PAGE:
Wales rugby union crisis deepens as regions fail to extend Participation Agreement
Last Updated: 01/01/14 8:57am
The Welsh regions will not commit to extending the existing Participation Agreement
The four Welsh regions will not commit to extending the existing Participation Agreement with the Welsh Rugby Union (WRU) before New Year's Eve's deadline.
The move had been widely expected and deepens the rift between the WRU and Regional Rugby Wales (RRW).
The four regions - the Ospreys, Scarlets, Cardiff Blues and Newport Gwent Dragons - are refusing to sign for a further four years under the agreement, which, among other elements, governs the competitions the sides play in and international player release.
"RRW, on behalf of the four Welsh Regions, confirms that the Regional businesses remain unable to commit to extend the existing Participation Agreement with the WRU by the deadline of 31st December 2013."
RRW claims the WRU's inability to confirm what competitions the regions will play in next season, with the futures of the Heineken Cup and RaboDirect Pro12 - as well as incomes resulting from those tournaments - yet to be decided, left them with little option.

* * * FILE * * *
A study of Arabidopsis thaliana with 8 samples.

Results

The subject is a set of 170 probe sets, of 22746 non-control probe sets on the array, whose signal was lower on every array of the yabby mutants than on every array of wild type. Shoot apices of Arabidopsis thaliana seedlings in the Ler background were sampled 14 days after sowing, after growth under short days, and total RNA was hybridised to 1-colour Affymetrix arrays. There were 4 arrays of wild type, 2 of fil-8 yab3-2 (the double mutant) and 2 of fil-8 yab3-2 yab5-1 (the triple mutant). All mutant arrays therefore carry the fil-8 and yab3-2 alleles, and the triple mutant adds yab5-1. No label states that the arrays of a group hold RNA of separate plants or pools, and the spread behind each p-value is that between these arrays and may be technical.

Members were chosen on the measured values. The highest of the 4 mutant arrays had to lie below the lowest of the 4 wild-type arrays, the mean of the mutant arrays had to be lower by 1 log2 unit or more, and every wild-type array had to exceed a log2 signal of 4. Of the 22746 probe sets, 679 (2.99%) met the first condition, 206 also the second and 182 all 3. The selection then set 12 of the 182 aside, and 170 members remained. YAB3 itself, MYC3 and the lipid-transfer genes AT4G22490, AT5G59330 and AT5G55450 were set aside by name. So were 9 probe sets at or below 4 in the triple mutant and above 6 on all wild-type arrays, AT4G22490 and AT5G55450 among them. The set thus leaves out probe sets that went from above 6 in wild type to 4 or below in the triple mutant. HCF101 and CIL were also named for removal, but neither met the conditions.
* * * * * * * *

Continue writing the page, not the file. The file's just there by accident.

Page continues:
Unable to commit
A RRW statement read: "RRW, on behalf of the four Welsh Regions, confirms that the Regional businesses remain unable to commit to extend the existing Participation Agreement with the WRU by the deadline of 31st December 2013."
RRW has set a new deadline of January 31 for the issues to be resolved, although it warned the regions would be left with no option "but to pursue further competition options immediately".
Their statement continued: "The WRU hold full responsibility under the Participation Agreement for the Competition platform and TV rights of the Regions and it is astonishing that they have put the four businesses in this position as a result of failing to fulfil their obligations under the agreement, despite having almost two years to resolve the issues involved.
"As it stands, the Regions do not believe the Participation Agreement reflects the changes and demands of the modern game."